Are you getting enough vitamin D?


Vitamin D is well known as the ‘sunshine vitamin’.

It is a fat-soluble vitamin that functions like a steroid hormone in the body and is responsible for many important functions such as:

  • Immunity which plays an important role in our ability to fight infections

  • Hormonal health by balancing our sex hormones

  • Supporting a healthy digestive system

  • Bone health, as vitamin D regulates the amount of calcium and phosphate in the body, both needed for healthy bones, teeth and muscle (1)

  • Improving brain development and function

We can get vitamin D by:

  • Consuming foods such as oily fish, egg yolks and mushrooms (2)

  • Spending time outdoors in the sunlight. When it is exposed to UVB rays from sunlight the body converts cholesterol in the skin into an active form of Vitamin D (3)

The vitamin D we make from the sunshine or that we get from certain foods is sent to the liver where it is converted into the active form calcidiol 25(OH)D which is the storage form of vitamin D in the body.

There are two types of vitamin D. Vitamin D2 (ergocalciferol) from plant sources, i.e. mushrooms, and vitamin D3 (cholecalciferol) from animal sources such as oily fish and egg yolks as well as the supplemental forms. Vitamin D3 is the more powerful of the two types as it is bioavailable and raises blood levels of vitamin D almost twice as much as D2 (4)

From about April to the end of September, most people should be able to get all the vitamin D they need from sunlight but it also depends on your skin colour, as dark skin produces less vitamin D (5)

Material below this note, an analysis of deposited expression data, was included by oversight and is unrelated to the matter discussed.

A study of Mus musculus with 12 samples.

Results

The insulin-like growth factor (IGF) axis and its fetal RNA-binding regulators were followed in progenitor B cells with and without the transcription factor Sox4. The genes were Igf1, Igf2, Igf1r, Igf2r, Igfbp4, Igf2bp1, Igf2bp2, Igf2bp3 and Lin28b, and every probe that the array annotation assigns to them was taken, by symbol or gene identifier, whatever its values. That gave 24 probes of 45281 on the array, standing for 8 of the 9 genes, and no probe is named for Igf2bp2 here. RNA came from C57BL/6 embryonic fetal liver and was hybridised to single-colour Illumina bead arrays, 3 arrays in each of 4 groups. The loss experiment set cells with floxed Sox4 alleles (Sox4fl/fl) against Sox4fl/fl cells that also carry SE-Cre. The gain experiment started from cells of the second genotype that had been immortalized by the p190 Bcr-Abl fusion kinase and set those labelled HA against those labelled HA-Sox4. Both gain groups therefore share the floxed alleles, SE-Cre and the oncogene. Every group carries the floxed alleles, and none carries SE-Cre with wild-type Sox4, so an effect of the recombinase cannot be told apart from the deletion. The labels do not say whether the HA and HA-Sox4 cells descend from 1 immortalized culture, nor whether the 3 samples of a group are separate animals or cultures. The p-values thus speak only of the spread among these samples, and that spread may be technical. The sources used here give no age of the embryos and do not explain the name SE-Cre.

However, during the winter months in the UK, we don’t get enough vitamin D from the sunlight even if we get outside every day because sunlight is limited and the sun’s rays are too weak. Therefore, most people in the UK are at risk of vitamin D deficiency (6)

The Scientific Advisory Committee on Nutrition (SACN) published a recent survey which found that 1 in 5 people have low vitamin D levels and this can be a real problem during the winter especially when it extends over long months (7)

I recommend that you see a GP or Nutritionist before you prescribe yourself with supplements. They will provide a blood test to find out your vitamin D levels. Blood levels of vitamin D are assessed by measuring 25(OH)D - 25-hydroxy vitamin D in the blood (8)

The correct dosage of supplemental vitamin D and supplemental form can then be given.

It is advised to supplement during the winter months. ‘PHE advises that in spring and summer, the majority of the population get enough vitamin D through sunlight on the skin and a healthy, balanced diet. During autumn and winter, everyone will need to rely on dietary sources of vitamin D. Since it is difficult for people to meet the 10 microgram recommendation from consuming foods naturally containing or fortified with vitamin D, people should consider taking a daily supplement containing 10 micrograms of vitamin D in autumn and winter’ (9)


It is possible to get too much vitamin D/overdose from supplements (or cod liver oil) which can cause Hypercalcemia (abnormally high calcium level in your blood). Signs include nausea and vomiting. (However, it is almost impossible to get too much vitamin D from sunlight or from foods alone).